You wrote: “Brother Dawood, alladhī the one who, and all its derivatives used in the Quran are mostly/all referring to a group of people in general, a mindset and rarely to a specific person or persons. The Quran tells us what to do and then tells us about those who do not follow this guidance, what they do wrong and the consequences of their wrong acts.”
LoL Piyare Bhai, this is another attempt to translate verses with your extraquranic notions and desires. What you wrote above speaks of your desires and how you want to read the Quran, NOT what Quran has to say. To this, Dr. Allama Iqbal comes to mind:
Khud Badalte Nahin, Quran Ko Badal Dete Hain
Huwe Kis Darja Faqeehan-e-Haram Be-Toufeeq !
The jurists are helpless to such extent anʹt change themselves but would change Quranʹs content.
How sad, the jurists canʹt shift their outlook, but would prefer to change the Holy Book!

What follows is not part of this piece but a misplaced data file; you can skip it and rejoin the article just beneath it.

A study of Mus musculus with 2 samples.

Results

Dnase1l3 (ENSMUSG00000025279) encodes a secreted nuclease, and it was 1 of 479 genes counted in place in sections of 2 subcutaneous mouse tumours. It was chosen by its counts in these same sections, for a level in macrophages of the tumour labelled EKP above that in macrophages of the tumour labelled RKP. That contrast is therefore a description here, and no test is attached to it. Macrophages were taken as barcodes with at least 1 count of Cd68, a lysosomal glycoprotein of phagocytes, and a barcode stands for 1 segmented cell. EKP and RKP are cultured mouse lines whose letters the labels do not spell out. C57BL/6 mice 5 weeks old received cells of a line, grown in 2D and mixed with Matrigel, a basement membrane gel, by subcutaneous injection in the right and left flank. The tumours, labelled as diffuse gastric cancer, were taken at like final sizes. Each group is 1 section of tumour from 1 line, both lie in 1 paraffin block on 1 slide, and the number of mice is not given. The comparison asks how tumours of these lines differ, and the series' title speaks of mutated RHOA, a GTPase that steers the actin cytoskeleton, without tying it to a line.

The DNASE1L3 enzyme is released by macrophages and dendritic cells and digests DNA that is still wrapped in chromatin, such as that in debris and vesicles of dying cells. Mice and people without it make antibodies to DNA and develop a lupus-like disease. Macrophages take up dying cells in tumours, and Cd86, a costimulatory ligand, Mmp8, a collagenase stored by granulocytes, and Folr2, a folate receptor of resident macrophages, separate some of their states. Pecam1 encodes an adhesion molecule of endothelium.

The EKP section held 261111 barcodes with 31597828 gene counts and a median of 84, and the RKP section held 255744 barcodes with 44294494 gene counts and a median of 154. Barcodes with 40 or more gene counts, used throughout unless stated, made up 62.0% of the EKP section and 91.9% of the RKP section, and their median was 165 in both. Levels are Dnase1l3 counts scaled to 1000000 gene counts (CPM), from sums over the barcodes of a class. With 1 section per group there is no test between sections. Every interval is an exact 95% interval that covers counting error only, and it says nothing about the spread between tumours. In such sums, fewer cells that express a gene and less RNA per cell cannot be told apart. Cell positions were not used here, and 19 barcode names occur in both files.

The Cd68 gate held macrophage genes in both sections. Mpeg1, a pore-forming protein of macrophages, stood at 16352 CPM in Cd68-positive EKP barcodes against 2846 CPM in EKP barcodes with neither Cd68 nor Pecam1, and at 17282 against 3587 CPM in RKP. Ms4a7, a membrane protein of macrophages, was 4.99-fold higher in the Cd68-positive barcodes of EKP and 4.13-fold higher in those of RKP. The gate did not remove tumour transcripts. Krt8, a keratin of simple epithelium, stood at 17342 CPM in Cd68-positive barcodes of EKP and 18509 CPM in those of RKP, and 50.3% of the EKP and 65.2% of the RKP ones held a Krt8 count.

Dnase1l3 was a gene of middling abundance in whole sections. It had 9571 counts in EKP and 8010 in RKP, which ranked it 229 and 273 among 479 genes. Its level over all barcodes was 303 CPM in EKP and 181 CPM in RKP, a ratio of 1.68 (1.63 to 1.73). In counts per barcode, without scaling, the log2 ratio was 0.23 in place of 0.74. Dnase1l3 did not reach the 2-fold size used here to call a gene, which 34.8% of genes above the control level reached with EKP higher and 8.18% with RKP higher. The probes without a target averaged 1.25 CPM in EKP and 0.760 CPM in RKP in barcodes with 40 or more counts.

“alladhī = the one who” is a singular masculine relative pronoun referring to a masculine singular noun. It is used in 96:1 and 96:4 referring to God. In 96:9 referring to a third person committing some actions. It’s plural form referring to a group is “alladhīna = those who.” Nowhere in Quran it refers to some so called “mindset” nonsense. If you have a specific verse which supports your “mindset theory”, please share it.
Rest all is your conjecture, having no bearing on my research and Quran. No further arguments are possible with those who don’t want to adhere to very basic rules of the game, i.e. lexicon, grammar, context, verses, etc.